Zaire’s cancer-stricken president was in seclusion Saturday, the day after returning home after months recuperating on the French Riviera, and speculation deepened over his health and ability to run the country.

“He can’t even stand on his own,” one opposition newspaper headline said of President Mobutu Sese Seko, who is back from Europe but unwilling or unable to meet the public or the press.

“Where’s the Mystery Man?,” another newspaper asked.

On the streets of Kinshasa, the Zairian capital, people were abuzz over Mobutu’s whereabouts, debating why he had himself whisked away after Friday’s low-key homecoming.

Supporters of rebel leader Laurent Kabila rallying in Kisangani, Zaire’s third-largest city, vehemently opposed talk of a cease-fire, and the United States sent troops to west Africa in case it becomes necessary to evacuate Americans.

Most Kinshasans have no access to television, so they were unable to see international news reports that showed Mobutu getting on his private jet in Nice, France, to return home.

“They’re trying to hide something from us,” shouted Evariste Kunda, a university student. “He’s not on TV, not on the radio. Do you know where he is?”

Nestor Mpolo, who is unemployed, said he didn’t care if Mobutu - 66 and suffering from prostate cancer - was dead or alive. In his 31-year dictatorship, Mobutu has become one of the world’s richest men and his country one of the poorest.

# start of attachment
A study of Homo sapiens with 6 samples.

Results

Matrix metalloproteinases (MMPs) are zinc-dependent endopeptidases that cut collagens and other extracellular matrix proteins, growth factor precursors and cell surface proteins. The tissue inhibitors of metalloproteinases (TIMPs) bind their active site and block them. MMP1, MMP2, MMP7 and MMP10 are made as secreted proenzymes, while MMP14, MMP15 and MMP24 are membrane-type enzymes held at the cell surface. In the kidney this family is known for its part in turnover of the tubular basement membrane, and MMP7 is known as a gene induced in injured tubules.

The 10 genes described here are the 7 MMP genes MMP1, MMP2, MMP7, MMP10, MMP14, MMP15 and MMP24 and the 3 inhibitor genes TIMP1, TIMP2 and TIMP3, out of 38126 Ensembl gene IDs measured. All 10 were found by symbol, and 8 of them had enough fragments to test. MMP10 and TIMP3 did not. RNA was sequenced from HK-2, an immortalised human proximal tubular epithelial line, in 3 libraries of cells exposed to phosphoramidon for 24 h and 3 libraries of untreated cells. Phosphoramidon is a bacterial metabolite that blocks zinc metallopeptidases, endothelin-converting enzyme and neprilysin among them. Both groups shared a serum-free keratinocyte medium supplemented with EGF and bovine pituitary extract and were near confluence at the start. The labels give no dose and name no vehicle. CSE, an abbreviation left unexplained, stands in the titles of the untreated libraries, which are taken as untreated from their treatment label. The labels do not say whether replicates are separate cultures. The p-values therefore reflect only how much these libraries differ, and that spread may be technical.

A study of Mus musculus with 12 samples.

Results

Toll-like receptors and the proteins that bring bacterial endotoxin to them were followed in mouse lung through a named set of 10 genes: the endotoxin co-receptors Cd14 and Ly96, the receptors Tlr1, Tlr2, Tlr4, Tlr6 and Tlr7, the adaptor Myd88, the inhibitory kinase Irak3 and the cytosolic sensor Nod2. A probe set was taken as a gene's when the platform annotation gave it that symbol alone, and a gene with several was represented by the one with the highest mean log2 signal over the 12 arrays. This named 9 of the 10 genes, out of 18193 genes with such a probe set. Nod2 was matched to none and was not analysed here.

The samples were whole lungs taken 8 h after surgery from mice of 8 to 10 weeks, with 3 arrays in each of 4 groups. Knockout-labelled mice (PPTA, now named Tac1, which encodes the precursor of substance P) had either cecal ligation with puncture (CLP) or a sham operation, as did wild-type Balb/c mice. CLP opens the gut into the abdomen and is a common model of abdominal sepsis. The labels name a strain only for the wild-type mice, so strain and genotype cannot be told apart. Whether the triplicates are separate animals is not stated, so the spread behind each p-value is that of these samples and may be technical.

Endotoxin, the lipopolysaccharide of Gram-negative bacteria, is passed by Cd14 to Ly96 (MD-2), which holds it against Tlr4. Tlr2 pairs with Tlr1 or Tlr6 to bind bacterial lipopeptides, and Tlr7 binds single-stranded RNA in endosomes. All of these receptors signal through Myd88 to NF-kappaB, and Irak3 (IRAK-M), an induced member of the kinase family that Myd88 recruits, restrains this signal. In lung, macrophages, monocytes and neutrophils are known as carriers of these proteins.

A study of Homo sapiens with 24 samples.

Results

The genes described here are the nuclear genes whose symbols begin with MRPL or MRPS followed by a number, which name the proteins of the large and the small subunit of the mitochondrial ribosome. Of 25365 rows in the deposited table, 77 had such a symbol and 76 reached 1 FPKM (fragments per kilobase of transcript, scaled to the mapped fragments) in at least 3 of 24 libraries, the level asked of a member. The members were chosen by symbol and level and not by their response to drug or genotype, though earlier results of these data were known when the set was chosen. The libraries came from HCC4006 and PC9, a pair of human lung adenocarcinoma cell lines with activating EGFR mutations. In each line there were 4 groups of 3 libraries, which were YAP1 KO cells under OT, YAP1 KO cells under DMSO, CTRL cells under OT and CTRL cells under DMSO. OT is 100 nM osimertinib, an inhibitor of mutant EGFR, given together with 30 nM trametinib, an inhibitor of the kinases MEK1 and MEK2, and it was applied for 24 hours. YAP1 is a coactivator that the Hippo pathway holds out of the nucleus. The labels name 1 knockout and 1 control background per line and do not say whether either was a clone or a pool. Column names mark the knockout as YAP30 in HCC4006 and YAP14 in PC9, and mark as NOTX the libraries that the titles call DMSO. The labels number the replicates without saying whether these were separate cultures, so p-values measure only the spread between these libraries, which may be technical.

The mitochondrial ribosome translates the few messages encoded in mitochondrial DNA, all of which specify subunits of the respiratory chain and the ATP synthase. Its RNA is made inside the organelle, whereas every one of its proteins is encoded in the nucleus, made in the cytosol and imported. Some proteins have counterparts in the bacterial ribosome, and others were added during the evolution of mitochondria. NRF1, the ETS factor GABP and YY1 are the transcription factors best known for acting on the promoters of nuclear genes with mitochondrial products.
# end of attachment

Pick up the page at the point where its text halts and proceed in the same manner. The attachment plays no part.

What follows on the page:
“Look at me. I’m older than 40 and have done nothing with my life because of him,” Mpolo said. “They say that he wants to die here - but he’s already dead.”

Yet others were praying for Mobutu’s quick recovery, so he could put his house in order. In his absence, Zaire has slid into insurgency, and rebels now hold a third of the Central African country.

In a show of support for the president, young army recruits sporting freshly shaven heads paraded about Kinshasa on Saturday singing and shouting.

“He’s our papa and we’re his children,” said Sasa Ebenge, a cloth saleswoman at the Grand Market. “If there’s no papa in the house, there’s going to be disorder.”

Up at Camp Tshatshi, a military camp on the outskirts of the city where Mobutu was said to be resting at one of his residences Saturday, a hundred other young recruits milled about waiting for orders.

Mobutu has spent much of the past seven months abroad, receiving treatment for his cancer. Before his return Friday, he was in a Monaco hospital, reportedly with internal bleeding linked to previous surgery.

Rebels took the strategic city of Kisangani last weekend. On Saturday, thousands cheered Kabila there when he vowed to keep fighting until Mobutu is toppled.

“Do you want a cease-fire?” Kabila asked. The 5,000 Zairians booed, hissed and shouted, “No!”

“Advance, advance,” they said. “Freedom! Freedom!”

Kabila promised, “This movement will continue until Gbadolite, until Kinshasa.” Mobutu’s jungle palace is in Gbadolite, near the Congo border.

The rebels are moving toward Lubumbashi, the country’s secondlargest city. They have said they will stop fighting only after Mobutu holds direct talks with Kabila. Mobutu so far has refused.

Kabila invited U.N. envoy Mohamed Sahnoun to the rally. Sahnoun is trying to persuade the warring factions to lay down their arms before the whole region ignites.